MFT named top recruiter to research studies in England
Manchester University NHS Foundation Trust (MFT) is a top recruiter to research studies in England, including the number one recruiter to commercial studies, according to new report.
Nearly 19,000 people took part in research studies at MFT From April 2022 to March 2023, confirmed by new statistics released by the National Institute for Health and Care Research (NIHR). The 18,650 (from a total recruitment figure of 18,895) participants were spread across 1,377 NIHR portfolio studies – including 279 new studies which opened during that period – and placed MFT as the overall fourth highest recruiter in the country.
Throughout 2022/2023, the skills, expertise, and experience of MFT staff, coupled with its world-class facilities and hosted Research and Innovation (R&I) infrastructure across Greater Manchester (GM) has contributed to major global developments in the understanding and treatment of a wide range of clinical diseases, whilst supporting local and national post-pandemic priorities, ensuring patients from around the world are benefitting from MFT’s world-leading expertise.
R&I is conducted across MFT hospitals and local care organisations, covering general care and hospital specialisms, including; emergency care, respiratory disease, cancer, cardiology care, musculoskeletal disorders, genomics, women’s health and pregnancy, children’s health, eye health, and dental health.
Dr Iain McLean, Manging Director for R&I at MFT, said: “It is our mission to reduce health inequalities by ensuring research and innovation is accessible for everyone, and providing opportunities for people of all ages and backgrounds to influence, design, and take part in clinical studies and evaluations at MFT. Our research participants are regularly the first-in-the-UK, and very often the first-in-the-world, to trial new treatments and procedures that are only available as part of clinical research studies.”
From the total number of participants 1,235 were recruited to commercial research studies. MFT’s contribution ensured that participation in commercial studies across Greater Manchester was the highest in the country and follows-on from the major independent review of UK commercial clinical trials commissioned by Lord O’Shaughnessy published in May. The report featured a case study on Greater Manchester outlining how the region has “bucked the trend” in a challenging environment for UK participation in commercial trials in recent years.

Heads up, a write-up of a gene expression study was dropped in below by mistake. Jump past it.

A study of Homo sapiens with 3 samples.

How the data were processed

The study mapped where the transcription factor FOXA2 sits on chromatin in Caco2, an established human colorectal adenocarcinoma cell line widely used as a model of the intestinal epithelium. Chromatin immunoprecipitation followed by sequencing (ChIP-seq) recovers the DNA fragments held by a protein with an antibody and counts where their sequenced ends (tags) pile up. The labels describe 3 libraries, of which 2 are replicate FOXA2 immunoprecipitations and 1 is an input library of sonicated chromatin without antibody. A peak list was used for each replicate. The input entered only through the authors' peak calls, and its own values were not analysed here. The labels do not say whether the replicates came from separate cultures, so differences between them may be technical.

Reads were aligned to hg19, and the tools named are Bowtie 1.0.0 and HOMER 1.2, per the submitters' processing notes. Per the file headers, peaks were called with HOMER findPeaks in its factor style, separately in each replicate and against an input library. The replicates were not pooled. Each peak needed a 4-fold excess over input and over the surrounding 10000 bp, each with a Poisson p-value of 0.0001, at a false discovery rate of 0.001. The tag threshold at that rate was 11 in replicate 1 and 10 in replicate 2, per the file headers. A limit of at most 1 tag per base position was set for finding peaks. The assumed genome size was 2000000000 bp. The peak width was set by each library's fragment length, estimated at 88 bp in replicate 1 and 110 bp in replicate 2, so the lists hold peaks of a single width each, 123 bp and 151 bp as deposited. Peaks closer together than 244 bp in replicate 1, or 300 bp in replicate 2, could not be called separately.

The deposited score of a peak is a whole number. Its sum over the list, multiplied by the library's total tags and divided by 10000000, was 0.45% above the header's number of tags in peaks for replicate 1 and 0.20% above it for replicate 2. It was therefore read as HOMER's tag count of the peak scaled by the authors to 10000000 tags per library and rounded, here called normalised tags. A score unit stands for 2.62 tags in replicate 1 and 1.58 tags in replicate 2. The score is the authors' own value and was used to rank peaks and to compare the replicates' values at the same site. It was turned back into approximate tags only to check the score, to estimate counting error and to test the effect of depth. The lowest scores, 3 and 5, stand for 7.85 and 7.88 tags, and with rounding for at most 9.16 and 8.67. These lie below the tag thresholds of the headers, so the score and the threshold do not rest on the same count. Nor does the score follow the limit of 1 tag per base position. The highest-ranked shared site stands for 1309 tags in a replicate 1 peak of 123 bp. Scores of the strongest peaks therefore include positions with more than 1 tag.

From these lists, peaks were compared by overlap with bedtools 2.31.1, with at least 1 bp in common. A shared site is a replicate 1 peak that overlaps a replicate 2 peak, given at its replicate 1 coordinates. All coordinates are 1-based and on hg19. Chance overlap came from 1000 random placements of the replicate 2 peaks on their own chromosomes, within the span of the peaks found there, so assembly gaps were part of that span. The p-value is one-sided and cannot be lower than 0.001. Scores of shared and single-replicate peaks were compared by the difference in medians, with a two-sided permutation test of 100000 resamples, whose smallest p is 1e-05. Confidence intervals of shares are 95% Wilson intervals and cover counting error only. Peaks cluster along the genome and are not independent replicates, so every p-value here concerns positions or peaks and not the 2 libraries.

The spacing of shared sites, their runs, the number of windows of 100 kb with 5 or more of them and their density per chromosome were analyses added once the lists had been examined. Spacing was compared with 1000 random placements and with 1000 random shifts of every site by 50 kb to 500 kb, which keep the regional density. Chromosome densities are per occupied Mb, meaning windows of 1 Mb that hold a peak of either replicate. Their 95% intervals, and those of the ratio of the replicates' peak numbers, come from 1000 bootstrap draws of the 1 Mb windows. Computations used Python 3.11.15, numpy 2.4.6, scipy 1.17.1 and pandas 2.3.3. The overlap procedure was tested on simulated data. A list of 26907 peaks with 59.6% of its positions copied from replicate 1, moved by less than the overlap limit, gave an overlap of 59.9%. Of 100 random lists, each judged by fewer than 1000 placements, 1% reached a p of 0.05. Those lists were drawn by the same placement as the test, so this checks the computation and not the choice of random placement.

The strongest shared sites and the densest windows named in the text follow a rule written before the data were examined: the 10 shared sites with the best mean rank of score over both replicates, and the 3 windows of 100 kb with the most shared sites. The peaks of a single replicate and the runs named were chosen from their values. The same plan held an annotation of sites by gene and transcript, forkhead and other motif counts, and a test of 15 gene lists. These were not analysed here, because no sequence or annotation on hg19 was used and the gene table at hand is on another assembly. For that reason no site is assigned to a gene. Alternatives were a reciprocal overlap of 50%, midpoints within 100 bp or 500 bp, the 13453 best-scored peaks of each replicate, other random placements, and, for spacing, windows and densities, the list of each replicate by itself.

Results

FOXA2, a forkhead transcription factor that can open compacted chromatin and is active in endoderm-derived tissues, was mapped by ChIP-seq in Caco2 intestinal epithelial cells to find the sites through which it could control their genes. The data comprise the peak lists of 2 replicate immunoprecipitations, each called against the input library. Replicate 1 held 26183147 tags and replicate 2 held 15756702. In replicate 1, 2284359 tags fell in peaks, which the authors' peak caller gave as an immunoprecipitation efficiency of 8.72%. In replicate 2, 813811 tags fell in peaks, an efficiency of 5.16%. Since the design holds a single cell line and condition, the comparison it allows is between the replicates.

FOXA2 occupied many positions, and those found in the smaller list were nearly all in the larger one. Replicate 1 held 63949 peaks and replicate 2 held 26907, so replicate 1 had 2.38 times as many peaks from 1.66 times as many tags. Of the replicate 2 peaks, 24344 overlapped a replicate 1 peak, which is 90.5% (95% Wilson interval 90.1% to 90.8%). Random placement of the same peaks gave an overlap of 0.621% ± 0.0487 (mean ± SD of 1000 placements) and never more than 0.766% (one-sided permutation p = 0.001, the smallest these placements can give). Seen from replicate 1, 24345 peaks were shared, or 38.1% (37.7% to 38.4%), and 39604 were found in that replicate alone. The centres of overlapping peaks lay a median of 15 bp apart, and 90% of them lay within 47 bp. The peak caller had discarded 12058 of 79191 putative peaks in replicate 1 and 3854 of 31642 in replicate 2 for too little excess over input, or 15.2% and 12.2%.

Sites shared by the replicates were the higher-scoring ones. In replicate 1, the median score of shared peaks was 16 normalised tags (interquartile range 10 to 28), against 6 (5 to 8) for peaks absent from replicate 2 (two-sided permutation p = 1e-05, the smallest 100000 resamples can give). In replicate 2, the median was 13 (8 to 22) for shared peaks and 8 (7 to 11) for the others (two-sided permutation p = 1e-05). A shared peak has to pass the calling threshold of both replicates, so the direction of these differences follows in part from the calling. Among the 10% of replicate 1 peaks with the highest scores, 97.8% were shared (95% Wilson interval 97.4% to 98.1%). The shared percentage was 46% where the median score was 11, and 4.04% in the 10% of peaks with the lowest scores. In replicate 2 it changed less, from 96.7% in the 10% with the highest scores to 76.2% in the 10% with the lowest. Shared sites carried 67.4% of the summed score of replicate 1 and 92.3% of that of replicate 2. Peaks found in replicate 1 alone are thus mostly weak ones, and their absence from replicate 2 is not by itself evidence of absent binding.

Professor Rick Body, Group Director of R&I at MFT, said: “It is fantastic that Greater Manchester is leading the UK in commercial trials and that MFT has played such a huge role in this achievement with almost half of all the participants recruited to MFT Trials.
“Working with commercial partners is crucial to us addressing unmet clinical needs, adding value to current care pathways, and to the design and delivery of clinical research.
“Manchester has long been known for its ambition and innovation, and it is only through strong collaboration across the city-region underpinning an expansive and effective R&I infrastructure that we can continue to drive our research forward”.
Professor Lucy Chappell, Chief Executive of the NIHR, said: “The best health and care research requires a number of important elements to come together: world-class researchers, cutting-edge facilities and the generous participation of the public.
“As we celebrate 75 years of our amazing NHS, it reminds us that all three elements are firmly in place in this country, and that the UK as a whole remains one of the best places in the world to undertake clinical trials.
“We are so grateful for the continuing support of the many people who take part in research to help shape our future health and care. Thank you to everyone who has done so this year, and I hope even more people will be part of research in the future.”
Research participants at MFT
Mehrdad was the world’s first participant in a study to evaluate next generation COVID-19 protection, through the SUPERNOVA clinical trial at MFT. He said: “This research covers all types of people, with different backgrounds, and different ethnicities. I want to encourage others to come forward to be part of research, because it benefits the whole community.”
Esther is part of a trial for peanut allergy treatment in children at Royal Manchester Children’s Hospital. Esther’s mum said: “We are so glad to have been involved in this study. When Esther began the study, she was having allergic reactions to 100th of a peanut. She now has the equivalent of a peanut every day.”